There is chemistry between kids and dogs that is pure magic. I long to recapture some of that magic for myself, so for the last eight years or so I have been a volunteer leader for our county’s 4H dog project. We show kids the ropes for training their dogs, both for competition and for their general well-being. The project has steadily grown from a grand total of four to over thirty. Part of that growth has been due to the Herculean efforts my fellow leaders and I have made in promoting the project, and part of it has been a result of the agility equipment we built.
The project encompasses showmanship, obedience, and agility, but it’s the agility that both the dogs and the kids crave. Naturally, there’s no comparing flying over jumps and barreling through tunnels to sedately walking at heel around a ring while some strange dog tries to sniff your backside. But one of the goals of the program is to teach the kids how to train their dogs to be enjoyable members of the family.
Dogs are natural leaders, and they don’t easily relinquish that role. Given the choice, they’ll always be the first to rush outside for playtime, or begin gobbling their food before receiving permission. And they heartily resist being told where and when to pee. But with patience and consistency, the kids can teach their canine companions all of these things, and it’s just short of magic when they see the results of all their hard work.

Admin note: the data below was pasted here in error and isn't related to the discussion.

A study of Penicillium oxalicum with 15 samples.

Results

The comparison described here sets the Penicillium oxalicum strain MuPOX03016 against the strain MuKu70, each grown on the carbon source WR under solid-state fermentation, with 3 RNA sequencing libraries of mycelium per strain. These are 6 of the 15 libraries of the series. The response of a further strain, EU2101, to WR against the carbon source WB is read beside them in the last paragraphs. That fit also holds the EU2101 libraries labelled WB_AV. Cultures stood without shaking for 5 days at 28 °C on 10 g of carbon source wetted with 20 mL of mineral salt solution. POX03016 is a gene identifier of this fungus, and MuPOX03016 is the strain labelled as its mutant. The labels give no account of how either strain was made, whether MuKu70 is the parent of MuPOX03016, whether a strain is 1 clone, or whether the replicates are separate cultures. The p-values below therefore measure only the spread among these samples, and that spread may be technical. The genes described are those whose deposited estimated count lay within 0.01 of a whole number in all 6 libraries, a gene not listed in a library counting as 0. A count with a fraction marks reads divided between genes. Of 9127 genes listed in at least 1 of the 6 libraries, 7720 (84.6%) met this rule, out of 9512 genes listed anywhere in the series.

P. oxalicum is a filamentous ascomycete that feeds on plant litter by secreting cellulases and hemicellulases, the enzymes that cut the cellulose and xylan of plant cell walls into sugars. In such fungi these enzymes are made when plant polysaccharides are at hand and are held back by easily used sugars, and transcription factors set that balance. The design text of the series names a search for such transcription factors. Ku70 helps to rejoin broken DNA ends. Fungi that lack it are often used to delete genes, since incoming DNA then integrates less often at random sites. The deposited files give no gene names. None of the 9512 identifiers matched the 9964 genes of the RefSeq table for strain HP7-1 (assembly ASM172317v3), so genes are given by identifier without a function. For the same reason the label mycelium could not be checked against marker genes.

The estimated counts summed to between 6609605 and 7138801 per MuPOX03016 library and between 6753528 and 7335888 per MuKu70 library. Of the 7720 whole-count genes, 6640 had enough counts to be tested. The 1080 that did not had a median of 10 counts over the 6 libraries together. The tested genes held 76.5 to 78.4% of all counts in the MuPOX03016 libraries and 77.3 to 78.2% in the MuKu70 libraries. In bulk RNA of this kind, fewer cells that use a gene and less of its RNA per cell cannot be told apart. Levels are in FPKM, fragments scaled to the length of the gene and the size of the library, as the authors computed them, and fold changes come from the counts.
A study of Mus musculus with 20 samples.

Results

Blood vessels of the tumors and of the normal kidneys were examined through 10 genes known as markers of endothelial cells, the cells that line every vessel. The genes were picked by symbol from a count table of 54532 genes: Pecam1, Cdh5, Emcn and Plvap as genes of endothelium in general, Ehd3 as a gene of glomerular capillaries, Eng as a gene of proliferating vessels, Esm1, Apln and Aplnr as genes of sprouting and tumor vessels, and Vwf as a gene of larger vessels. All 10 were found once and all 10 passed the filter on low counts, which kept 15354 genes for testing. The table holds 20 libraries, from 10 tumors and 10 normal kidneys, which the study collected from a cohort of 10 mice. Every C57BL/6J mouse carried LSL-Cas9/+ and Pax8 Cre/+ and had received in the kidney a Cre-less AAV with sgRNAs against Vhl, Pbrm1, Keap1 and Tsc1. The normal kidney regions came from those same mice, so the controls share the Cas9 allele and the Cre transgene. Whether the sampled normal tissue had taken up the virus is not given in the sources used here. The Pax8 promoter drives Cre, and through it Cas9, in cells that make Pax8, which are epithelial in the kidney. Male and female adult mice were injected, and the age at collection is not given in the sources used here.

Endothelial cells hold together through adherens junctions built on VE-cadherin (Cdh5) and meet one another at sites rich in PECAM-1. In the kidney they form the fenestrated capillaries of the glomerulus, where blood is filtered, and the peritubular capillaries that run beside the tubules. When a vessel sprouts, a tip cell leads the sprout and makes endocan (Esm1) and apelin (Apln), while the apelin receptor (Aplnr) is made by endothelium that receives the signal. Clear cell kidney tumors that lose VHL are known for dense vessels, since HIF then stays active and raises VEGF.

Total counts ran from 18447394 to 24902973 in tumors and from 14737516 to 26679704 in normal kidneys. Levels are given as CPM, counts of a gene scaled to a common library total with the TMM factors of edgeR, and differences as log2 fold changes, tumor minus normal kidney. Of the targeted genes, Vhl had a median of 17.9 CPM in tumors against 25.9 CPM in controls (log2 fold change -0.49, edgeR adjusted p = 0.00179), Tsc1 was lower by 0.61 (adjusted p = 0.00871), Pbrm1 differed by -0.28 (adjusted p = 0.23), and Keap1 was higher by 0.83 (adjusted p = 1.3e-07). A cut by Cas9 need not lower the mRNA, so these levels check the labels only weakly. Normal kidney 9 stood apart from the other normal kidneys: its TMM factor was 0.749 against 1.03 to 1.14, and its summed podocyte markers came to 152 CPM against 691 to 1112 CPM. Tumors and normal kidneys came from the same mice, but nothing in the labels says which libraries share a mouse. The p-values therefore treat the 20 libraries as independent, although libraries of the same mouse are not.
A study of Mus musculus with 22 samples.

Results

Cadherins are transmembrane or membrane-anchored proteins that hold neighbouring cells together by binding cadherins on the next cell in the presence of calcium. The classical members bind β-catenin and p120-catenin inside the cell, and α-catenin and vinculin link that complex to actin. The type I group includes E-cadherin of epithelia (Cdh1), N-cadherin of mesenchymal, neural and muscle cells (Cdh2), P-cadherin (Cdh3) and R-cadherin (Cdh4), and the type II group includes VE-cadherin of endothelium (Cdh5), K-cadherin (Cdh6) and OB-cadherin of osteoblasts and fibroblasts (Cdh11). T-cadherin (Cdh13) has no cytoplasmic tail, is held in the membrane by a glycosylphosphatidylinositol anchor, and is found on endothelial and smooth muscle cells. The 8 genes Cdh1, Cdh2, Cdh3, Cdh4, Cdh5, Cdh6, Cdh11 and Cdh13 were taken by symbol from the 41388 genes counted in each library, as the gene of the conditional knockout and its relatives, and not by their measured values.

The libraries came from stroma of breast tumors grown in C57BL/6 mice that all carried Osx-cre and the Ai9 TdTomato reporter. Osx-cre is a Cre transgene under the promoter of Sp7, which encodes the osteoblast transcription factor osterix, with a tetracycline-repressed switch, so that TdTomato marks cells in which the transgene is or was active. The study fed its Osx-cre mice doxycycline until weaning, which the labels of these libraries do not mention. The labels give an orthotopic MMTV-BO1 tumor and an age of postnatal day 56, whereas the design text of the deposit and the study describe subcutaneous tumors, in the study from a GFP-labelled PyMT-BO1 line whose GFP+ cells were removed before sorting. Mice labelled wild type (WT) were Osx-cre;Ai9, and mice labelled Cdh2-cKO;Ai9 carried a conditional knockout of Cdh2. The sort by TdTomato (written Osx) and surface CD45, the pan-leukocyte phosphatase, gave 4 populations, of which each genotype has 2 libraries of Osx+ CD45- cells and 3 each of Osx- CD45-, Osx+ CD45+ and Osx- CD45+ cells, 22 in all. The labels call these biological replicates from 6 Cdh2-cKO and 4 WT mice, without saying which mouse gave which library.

While the agility is great fun, it’s the obedience and showmanship training that provides the hands-on, focused interaction between the kids and their dogs. In a few short months, the dogs turn from a yapping, jumping, out-of-control pack into a focused, obedient extension of the kid at the other end of the leash; a smiling, confident, self-assured kid.
Writing can be a lot like training a dog. A plot that’s not kept on a tight leash, or characters that wander around out of control, can undermine your best efforts. If you don’t take your edits seriously, you can end up with a stinky mess. Have fun with the hoops and ladders, but make sure you have the groundwork firmly established first.